Latest neural signals recorded with ABILITY brain-computer interface and new details of the system presented at Society for Neuroscience meeting


Wyss Center’s ABILITY system, designed to improve quality of life and independence for people with severe paralysis, demonstrates safety and efficacy in pre-clinical trials

Geneva, Switzerland – The Wyss Center for Bio and Neuroengineering has revealed the latest pre-clinical neural data acquired with its fully implantable ABILITY brain-computer interface (BCI) system. The results, presented at the Society for Neuroscience 2022 meeting in San Diego, are accompanied by new details of the ABILITY system demonstrating its flexibility in connecting to different electrode types. 

ABILITY, a wireless implantable medical device, is being developed by the Wyss Center team together with academic and clinical collaborators and a network of industrial technology partners.

Intended for long-term implantation and home use, ABILITY is designed to enable applications such as restoration of communication and movement for people with severe paralysis resulting from amyotrophic lateral sclerosis (ALS), brainstem stroke or spinal cord injury.

The pre-clinical feasibility studies recorded brain activity in sheep with intracortical microelectrode arrays (MEAs) and electrocorticography grid (ECoG) electrodes implanted beneath the skull. 

ABILITY is a fully implantable neural recording system designed to amplify and wirelessly transmit high channel count, high frequency neural data from the brain to a computer in order to restore communication and independence for people with severe paralysis. ©Wyss Center

“These new results are an important step towards demonstrating safety and efficacy of the device while recording and transmitting neural data in real time over a period of months. The device performance and quality of the data are very encouraging as we prepare next steps towards human clinical trials,” said Shenandoah Montamat, MSc, who is managing the ABILITY project at the Wyss Center.

Two MEAs, each smaller than a pea, recorded the activity of individual neurons with an array of fine needles that penetrated the surface of the cortex. At this resolution it is possible to decode fine movement intention with high accuracy from very small brain areas. In a separate study, four ECoG grids, each about the size of a postage stamp, recorded signals from the surface of the cortex. ECoG electrodes cover a larger area of the brain than MEAs and measure the combined activity of nearby neurons with sufficient resolution to decode speech, in humans.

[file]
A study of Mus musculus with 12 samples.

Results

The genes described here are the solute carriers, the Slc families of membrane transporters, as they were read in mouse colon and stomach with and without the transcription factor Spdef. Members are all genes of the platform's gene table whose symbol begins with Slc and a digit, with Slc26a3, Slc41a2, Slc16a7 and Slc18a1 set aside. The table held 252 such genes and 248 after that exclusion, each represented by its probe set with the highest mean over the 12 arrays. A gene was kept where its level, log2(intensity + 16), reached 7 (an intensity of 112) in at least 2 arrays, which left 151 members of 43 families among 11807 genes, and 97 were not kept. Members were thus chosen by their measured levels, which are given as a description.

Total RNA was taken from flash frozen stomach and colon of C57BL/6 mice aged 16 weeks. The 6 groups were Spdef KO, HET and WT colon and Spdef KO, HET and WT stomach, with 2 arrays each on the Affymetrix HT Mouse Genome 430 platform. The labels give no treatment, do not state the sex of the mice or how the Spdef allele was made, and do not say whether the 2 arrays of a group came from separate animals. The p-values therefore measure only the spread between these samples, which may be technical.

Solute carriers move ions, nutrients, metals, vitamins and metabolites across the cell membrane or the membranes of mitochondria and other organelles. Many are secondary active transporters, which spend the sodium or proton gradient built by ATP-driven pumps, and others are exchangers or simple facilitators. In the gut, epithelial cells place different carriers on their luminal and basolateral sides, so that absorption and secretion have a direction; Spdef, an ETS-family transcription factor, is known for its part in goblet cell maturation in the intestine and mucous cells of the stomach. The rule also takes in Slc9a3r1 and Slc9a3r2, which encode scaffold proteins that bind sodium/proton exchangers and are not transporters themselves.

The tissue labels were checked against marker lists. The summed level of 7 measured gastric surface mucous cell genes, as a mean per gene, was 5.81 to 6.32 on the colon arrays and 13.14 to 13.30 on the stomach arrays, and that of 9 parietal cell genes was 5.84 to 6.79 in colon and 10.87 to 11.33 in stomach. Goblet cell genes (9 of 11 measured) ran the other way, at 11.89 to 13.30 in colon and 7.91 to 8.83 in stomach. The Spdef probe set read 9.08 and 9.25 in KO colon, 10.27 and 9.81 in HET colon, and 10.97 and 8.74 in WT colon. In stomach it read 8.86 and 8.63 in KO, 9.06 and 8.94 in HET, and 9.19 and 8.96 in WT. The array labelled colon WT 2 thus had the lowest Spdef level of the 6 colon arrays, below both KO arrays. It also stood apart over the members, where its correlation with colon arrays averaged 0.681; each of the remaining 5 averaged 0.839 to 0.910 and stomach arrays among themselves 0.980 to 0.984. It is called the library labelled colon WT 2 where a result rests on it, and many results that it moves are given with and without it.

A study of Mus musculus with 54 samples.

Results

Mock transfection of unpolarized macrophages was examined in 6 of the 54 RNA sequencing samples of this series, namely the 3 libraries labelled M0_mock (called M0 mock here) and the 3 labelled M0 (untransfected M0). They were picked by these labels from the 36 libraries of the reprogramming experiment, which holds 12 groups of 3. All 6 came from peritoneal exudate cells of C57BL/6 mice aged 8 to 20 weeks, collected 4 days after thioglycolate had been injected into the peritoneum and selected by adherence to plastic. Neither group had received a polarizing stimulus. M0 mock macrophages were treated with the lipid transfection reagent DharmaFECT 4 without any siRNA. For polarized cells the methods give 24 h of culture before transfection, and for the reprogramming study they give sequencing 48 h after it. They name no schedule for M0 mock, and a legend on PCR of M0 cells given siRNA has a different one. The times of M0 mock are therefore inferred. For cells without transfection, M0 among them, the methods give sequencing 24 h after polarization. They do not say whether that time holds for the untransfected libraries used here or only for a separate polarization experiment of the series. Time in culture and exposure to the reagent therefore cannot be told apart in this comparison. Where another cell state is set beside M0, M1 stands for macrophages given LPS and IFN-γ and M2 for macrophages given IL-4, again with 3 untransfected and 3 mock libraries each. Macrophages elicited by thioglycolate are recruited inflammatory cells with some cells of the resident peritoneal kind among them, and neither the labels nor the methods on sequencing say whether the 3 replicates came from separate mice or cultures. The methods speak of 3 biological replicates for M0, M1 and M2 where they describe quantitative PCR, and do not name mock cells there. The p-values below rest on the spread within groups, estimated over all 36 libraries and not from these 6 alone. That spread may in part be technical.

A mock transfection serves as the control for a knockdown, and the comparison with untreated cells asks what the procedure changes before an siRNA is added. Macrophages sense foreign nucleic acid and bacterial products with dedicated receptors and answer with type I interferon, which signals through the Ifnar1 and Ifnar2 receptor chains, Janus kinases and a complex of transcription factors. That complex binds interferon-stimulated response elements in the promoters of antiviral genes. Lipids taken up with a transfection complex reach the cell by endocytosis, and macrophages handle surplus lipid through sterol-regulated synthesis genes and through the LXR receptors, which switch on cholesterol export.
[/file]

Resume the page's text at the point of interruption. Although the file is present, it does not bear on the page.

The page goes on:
The ABILITY system records 128 channels of neural data at a frequency sufficiently high to observe communication between single neurons, known as action potentials, as well as the lower frequency synchronous activity of groups of neurons firing together, known as local field potentials. It wirelessly transmits the raw data through the skin using a high-speed optical link. Wearable components send the neural data to a computer with a wired connection. The wearable also wirelessly powers the implant through the skin via induction. 

“The development of ABILITY draws on experience from a recent clinical case study that successfully enabled BCI communication for a person completely locked-in because of ALS,” says Jonas Zimmermann, PhD, Senior Neuroscientist at the Wyss Center.

In that study, the patient learned to modulate neural activity to control speller software. The system used a wired connection to transfer data between implanted electrodes and an external computer through a percutaneous connection in the scalp.

“The study highlights the clinical need for breakthrough implant technology to improve ease of use for patients and caregivers,” continues Zimmermann.

George Kouvas, MBA, Wyss Center Chief Technology Officer says: “At the Wyss Center we are addressing some of the major neuroscientific and engineering challenges that fully implantable brain-computer interfaces encounter during development. The result is a versatile technology like ABILITY that has the potential to help the BCI market grow.”

Human clinical trials are now being prepared to assess ABILITY system performance and understand the acceptance of implantable BCIs by patients, caregivers, and healthcare professionals.

ABILITY - an implantable brain-computer interface (BCI) to restore movement and communication

Play Video

Related to

Laying the foundations for future assistive devices
An implantable brain-computer interface (BCI) to restore movement and communication
Decoding imagined speech from the brain
Real-time neural signal processing platform
Combining neuroscience, advanced engineering and manufacturing
Advanced electrical and mechanical engineering design and fabrication


An implantable brain-computer interface (BCI) to restore movement and communication

The ‘in conversation’ series features members of the Wyss Center community discussing their work, their collaborations and imagining the future.


Translating arm and hand movement intentions into action
Wyss Center


A new model of cooperation and collaboration to accelerate translational research and development in the field of neurotechnology and artificial intelligence.